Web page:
Months after the July 22 flood devastated thousands of Milwaukee residents and their homes, the Federal Emergency Management Agency (FEMA) is now stepping in to help those affected.
FEMA recently announced that Milwaukee residents will be eligible for individual aid following the July flooding. Originally, the state’s request for Individual Assistance was denied.
FEMA denied the state’s request for Individual Assistance because they deemed the damage insufficient to qualify for individual federal aid. In response to the denial, Milwaukee Mayor Tom Barrett said, “We were all disappointed with FEMA’s initial decision, but we were not deterred.”
In the immediate aftermath of the July flooding, Barrett worked tirelessly with representatives from FEMA and other state and local officials to ensure that the citizens affected by the floods would receive assistance.
On August 13, Mayor Barrett wrote a supplemental letter to FEMA requesting that they come back to Milwaukee and visit more homes ravaged by the storm. Additionally, Mayor Barrett launched an effort to produce, distribute and collect flood damage survey forms. The City collected over 1,500 forms. Following the collection of those flood survey forms, the City staffed phone and an additional 231 properties were identified as having suffered major damage.
“The situation in Milwaukee is much more serious than that designation implies,” Mayor Barrett said. “Damage to mechanicals such as furnaces, water heaters and electrical systems can render a property uninhabitable.
“The recent economic downturn has resulted in many Milwaukeeans converting their basements into living space, which means more than one family was impacted by the flooding at certain properties.
“Accordingly, I felt it was necessary for FEMA to return to Milwaukee in order to conduct a more thorough assessment based on the unique character of many Milwaukee residencies.”
On August 31, Barrett’s request was granted and the FEMA team was led on site visits to some of the 231 homes identified during the appeals process over the course of three days.
When asked about the process, Mayor Barrett remarked, “When we started the process of recovering from the July storms, I said that we would leave no stone unturned in our efforts to get assistance for our residents and I am happy to report that our efforts paid off.”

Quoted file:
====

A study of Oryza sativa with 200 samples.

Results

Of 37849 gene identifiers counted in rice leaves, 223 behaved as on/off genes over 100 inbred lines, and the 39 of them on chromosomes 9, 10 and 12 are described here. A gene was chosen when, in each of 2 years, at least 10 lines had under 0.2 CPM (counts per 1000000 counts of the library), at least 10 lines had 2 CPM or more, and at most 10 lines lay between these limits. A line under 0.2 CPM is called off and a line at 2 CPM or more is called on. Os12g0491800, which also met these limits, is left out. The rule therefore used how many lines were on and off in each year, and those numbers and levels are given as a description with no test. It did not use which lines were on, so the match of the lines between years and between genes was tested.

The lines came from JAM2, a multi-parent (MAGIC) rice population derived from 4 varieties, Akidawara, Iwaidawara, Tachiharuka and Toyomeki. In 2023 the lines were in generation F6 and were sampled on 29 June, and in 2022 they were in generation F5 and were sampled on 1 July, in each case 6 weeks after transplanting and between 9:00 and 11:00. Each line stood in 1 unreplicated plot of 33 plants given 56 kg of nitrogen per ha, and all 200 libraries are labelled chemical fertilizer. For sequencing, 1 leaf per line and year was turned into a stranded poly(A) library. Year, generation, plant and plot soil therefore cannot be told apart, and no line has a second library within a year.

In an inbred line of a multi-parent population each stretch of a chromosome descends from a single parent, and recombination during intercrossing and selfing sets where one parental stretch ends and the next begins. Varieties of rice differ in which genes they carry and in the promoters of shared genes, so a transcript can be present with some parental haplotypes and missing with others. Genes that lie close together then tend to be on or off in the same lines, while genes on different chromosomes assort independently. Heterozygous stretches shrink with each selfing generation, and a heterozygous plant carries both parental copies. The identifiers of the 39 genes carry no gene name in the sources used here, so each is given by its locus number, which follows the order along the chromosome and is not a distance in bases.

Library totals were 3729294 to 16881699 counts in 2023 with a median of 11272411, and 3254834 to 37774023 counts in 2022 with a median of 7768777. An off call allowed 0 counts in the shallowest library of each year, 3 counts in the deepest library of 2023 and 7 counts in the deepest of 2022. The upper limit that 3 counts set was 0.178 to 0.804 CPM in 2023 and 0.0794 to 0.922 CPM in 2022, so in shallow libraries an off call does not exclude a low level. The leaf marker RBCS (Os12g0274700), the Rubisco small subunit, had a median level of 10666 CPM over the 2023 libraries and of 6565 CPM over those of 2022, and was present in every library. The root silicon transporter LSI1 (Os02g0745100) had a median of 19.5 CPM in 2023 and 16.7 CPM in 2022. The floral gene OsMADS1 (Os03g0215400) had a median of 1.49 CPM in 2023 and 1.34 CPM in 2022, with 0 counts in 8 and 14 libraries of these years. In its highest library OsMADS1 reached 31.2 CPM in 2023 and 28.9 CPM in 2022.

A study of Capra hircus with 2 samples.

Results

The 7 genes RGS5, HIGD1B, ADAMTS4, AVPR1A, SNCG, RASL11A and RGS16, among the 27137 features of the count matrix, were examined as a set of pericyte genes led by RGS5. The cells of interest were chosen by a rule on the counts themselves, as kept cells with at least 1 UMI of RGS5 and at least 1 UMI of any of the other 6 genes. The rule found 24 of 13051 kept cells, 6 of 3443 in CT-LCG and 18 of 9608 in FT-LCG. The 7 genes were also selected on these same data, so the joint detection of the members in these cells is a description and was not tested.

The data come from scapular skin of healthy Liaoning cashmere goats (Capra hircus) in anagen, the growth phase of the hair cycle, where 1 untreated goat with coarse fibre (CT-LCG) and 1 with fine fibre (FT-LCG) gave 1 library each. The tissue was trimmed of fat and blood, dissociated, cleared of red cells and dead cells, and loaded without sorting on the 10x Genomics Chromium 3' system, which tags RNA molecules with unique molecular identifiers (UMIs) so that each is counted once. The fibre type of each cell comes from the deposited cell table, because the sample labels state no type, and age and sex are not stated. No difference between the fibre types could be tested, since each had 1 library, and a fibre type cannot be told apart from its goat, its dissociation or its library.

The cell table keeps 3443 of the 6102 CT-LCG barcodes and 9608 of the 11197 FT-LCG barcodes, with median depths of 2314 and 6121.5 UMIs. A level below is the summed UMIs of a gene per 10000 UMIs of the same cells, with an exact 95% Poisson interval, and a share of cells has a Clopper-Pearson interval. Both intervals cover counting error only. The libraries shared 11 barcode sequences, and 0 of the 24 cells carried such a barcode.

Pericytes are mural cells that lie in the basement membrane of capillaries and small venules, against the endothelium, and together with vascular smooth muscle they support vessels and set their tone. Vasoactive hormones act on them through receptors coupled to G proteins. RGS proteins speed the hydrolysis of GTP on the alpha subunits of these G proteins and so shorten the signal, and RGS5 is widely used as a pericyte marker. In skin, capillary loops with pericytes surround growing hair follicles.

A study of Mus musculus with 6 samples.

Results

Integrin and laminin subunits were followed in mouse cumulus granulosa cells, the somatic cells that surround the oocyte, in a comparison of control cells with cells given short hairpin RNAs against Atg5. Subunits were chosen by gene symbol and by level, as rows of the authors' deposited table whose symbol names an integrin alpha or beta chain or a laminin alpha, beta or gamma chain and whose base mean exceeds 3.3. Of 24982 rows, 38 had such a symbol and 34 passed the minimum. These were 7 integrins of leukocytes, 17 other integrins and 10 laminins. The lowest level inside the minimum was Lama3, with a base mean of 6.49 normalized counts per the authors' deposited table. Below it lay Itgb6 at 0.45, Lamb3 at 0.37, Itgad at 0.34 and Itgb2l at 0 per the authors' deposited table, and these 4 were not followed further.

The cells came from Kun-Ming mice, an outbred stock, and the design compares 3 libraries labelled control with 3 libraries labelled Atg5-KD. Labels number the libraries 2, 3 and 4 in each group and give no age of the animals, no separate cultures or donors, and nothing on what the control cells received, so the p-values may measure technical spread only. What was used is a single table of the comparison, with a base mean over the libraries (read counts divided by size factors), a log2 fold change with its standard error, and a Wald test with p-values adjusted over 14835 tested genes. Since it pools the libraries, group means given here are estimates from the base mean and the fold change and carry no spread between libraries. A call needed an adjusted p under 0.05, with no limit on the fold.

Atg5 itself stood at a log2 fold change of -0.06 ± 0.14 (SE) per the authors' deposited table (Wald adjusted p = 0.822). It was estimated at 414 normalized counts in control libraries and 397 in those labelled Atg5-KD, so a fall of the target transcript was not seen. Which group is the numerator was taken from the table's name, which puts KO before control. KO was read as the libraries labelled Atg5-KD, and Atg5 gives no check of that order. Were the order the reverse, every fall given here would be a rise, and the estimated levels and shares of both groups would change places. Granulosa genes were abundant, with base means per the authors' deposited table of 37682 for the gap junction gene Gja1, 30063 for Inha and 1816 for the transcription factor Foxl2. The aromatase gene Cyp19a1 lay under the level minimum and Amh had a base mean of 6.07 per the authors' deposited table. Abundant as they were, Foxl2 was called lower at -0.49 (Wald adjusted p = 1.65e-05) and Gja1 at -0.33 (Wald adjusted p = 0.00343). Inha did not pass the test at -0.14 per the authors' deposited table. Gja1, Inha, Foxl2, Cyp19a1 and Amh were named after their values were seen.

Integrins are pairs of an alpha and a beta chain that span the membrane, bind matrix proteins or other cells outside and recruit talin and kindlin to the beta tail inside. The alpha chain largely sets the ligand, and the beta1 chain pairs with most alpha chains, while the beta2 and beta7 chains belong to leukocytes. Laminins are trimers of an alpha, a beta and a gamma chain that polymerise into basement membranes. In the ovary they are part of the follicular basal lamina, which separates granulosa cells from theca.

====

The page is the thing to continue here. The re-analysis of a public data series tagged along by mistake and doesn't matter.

In addition to the flood response and appeal efforts, immediately after the flood, the City launched a clean-up effort to assist the elderly and disabled. To date, the City and its partner organizations have cleaned 135 homes. The Milwaukee Community Service Corps and volunteer organizations continue to assist the elderly and disabled.
The Individual Assistance declaration for Grant and Milwaukee Counties will help pay for temporary housing, home repairs and other serious disaster-related expenses.
“This is a huge relief for the people of Milwaukee,” Mayor Barrett said of the declaration. “I was committed to doing everything in my power to alleviate some of the financial burden imposed by the flooding.
“I personally appealed to President Obama, along with Congresswoman Gwen Moore. We stressed the gravity of our situation and the need for federal assistance. I’m grateful FEMA responded to our need.”
Milwaukee residents may apply for aid online at http://www.disasterassistance.gov or call the FEMA hotline at 1-800-621-FEMA/3362. Two Disaster Recovery Centers (DRCs) for residents who were affected by severe storms, flooding or tornadoes July 20-24 have also been opened. Residents will be able to discuss their individual situations with disaster specialists.
FEMA Assistance Locations
The offices of the Milwaukee Brotherhood of Firefighters, an organization representing the city’s African American firefighters, will be one of two FEMA disaster recovery centers set up to assist victims of the July flood.
The Brotherhood of Firefighters office, located at 7717 W. Good Hope Road, and the city Department of Public Works office building, 3850 N. 35th St., opened Wednesday, Sept. 22. The hours of both locations will be 9 a.m to 7 p.m. through Sunday, Sept. 26.
The hours of operation for subsequent weeks will be announced later.
Residents seeking federal assistance to reimburse them for losses in the flooding have roughly two months to submit applications to FEMA for individual assistance.
The official deadline is 60 days from Sept. 18, the date President Barack Obama reversed an earlier decision and granted the disaster declaration for individuals in
Milwaukee and Grant counties.
Agency officials recommend those residents wanting to apply for aid, particularly those in Milwaukee County, should start the process by registering by phone or online at www.disasterassistance.gov/daip_portal>www.disasterassistance.gov.